Value-added distributor, Networks Unlimited Africa, has formalised a partnership agreement with Indegy, a leader in industrial cyber security that protects industrial control system networks from cyber threats, human error and malicious insiders.
Stefan van de Giessen, General Manager: Cybersecurity at Networks Unlimited Africa, says, “Through this new partnership with Indegy, we provide security for applications and systems in the industrial internet of things (IIoT), operational technology (OT), industrial control systems (ICS) and critical infrastructure arenas.”
Erez Shalom, AVP Strategic Channels EMEA & APAC at Indegy, says, “Networks Unlimited Africa is a leading provider of security solutions for operational and information technology networks across several key industrial markets. This partnership will enable Indegy to penetrate and build market share in South Africa.”
Van de Giessen adds, “The combination of IIoT connectivity offered across production and supply lines and the way in which OT is automating the modern world, interfacing through electro-mechanical devices and sensors, is opening up new vulnerabilities and making cyber security for industrial infrastructure a business imperative.
“The vulnerability of OT systems to hackers puts critical infrastructure, such as water and energy supplies, transport networks and production lines, at risk of being disrupted or shut down. The main challenge in ensuring cyber security for industrial systems is to protect and maintain uninterrupted industrial processes.”
Indegy’s customers globally include leading players across diverse sectors such as: automotive manufacturing, steel manufacturing, electrical power utilities, aerospace and defence, and financial services, among others.
The Indegy Industrial Cybersecurity Suite provides:
- Full threat detection and forensic trails
- Automated asset inventory
- Vulnerability management
- Configuration control.
This suite of capabilities ties together in an out-of-the-box deployment and delivers alerts, automated reports and third-party integration with an organisation’s existing tools.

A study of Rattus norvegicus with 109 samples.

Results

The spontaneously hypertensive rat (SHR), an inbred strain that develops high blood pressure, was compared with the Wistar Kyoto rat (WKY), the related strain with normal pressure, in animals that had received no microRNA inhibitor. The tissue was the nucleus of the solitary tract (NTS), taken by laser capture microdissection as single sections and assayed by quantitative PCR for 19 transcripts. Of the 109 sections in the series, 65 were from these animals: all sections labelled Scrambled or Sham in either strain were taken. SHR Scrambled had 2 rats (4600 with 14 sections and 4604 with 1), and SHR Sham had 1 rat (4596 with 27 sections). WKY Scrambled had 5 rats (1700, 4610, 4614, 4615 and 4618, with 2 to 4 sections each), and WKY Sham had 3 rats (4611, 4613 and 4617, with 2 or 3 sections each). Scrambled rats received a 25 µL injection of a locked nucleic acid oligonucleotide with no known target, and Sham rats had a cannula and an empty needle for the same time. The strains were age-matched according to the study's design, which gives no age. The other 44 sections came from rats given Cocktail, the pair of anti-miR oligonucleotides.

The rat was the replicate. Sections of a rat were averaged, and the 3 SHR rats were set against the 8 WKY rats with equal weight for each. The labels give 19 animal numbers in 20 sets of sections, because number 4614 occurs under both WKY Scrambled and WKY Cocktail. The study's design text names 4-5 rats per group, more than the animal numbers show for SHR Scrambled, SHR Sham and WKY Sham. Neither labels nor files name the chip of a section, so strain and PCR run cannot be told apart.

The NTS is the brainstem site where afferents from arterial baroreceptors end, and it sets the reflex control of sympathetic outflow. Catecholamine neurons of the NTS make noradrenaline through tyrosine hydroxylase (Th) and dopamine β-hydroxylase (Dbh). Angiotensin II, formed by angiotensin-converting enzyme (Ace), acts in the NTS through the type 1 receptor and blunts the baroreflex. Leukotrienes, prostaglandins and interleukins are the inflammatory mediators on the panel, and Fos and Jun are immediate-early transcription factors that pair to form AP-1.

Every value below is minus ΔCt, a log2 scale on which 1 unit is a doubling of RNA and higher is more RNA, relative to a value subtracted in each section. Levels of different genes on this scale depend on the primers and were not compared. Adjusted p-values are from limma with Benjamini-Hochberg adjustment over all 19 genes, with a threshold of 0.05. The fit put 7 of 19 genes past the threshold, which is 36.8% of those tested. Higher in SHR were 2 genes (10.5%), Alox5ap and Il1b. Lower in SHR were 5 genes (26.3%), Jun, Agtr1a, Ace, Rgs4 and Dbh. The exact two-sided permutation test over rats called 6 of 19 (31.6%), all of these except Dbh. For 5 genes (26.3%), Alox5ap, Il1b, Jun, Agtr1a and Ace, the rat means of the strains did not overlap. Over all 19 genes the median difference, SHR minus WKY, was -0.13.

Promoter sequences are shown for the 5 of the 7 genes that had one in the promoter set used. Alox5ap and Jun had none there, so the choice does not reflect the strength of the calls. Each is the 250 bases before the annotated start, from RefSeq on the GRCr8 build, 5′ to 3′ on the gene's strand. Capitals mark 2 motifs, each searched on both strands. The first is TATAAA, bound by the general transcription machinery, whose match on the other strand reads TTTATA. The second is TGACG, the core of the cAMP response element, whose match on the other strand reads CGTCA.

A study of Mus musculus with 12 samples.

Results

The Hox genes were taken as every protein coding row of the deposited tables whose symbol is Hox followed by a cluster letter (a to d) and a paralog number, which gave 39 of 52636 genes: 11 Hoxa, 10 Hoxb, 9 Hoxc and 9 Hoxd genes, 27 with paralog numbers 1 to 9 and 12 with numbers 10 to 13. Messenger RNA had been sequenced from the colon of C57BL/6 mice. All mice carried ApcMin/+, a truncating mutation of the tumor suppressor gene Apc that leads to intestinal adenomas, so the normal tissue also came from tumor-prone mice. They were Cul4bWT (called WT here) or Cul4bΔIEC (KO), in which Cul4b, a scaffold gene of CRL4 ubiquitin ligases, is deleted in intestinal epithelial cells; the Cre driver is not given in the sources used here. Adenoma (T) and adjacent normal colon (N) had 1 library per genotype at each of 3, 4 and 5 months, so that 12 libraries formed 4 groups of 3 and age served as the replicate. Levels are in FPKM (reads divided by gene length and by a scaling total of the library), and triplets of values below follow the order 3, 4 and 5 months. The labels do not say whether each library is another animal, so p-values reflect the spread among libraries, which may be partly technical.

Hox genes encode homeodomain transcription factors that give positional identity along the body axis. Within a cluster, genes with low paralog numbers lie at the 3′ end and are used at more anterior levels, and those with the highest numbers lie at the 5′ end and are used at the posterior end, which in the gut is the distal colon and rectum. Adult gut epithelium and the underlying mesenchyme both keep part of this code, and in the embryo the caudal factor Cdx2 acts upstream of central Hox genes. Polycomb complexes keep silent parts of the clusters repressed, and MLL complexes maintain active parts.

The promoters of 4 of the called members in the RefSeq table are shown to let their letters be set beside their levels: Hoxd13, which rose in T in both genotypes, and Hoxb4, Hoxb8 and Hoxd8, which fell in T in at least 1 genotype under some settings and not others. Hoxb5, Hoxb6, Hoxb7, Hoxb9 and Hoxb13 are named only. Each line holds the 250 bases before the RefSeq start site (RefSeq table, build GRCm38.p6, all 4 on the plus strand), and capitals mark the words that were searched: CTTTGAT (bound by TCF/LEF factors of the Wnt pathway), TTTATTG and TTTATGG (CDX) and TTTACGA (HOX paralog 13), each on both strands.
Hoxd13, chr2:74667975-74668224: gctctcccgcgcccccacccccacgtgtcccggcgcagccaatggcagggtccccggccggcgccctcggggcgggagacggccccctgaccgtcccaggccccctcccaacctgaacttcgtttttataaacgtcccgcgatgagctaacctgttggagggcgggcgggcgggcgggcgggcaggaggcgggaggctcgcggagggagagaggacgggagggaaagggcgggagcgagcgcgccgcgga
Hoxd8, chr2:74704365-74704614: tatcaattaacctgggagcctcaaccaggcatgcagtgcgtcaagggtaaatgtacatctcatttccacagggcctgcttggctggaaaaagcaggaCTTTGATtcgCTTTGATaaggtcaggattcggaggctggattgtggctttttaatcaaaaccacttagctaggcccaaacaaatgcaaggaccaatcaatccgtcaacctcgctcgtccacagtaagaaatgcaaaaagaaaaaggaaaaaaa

Van de Giessen says, “The boundaries between IT and OT are blurring. We know that although the 2017 WannaCry ransomware and NotPetya malware attacks – which struck many organisations in Europe and the US in the space of two months – did not specifically target industrial networks, they did reach them. The incidents raised the profile of how malware can move to ICS environments and made the world aware that if threat actors wanted to launch a ransomware attack on industrial networks, they clearly could[i].
“After jumping from one computer to others and then racing across the globe, the NotPetya worm damaged far more systems and networks than its original Ukrainian targets, crippling hospitals in Pennsylvania, in the US, for example, halting TNT Express in Europe, and freezing global shipping giant Maersk’s systems for more than a week[ii].”
When hackers caused a first-of-its-kind cyber attack in western Ukraine in December 2015, cutting off the lights to 225 000 people, this was widely regarded as being the first example of hackers shutting off critical energy systems that supplied hundreds of thousands of homes. That attack was followed a year later by another that cut power supply to hundreds of thousands of residents in the country’s capital, Kiev[iii].
“These kinds of attacks show how vulnerable unprotected critical infrastructure systems can be. As a distributor of technologies which are carefully selected to complement each other and provide solutions where there may be gaps in the market, Networks Unlimited Africa offers its customers real business and security benefits.
“In South Africa, security conversations have traditionally centred on the possible theft of intellectual property and personal data. Today, however, we need to add in thinking around the defences of industrial control systems and critical infrastructure. The stakes could be very high for those who do not,” says Van de Giessen.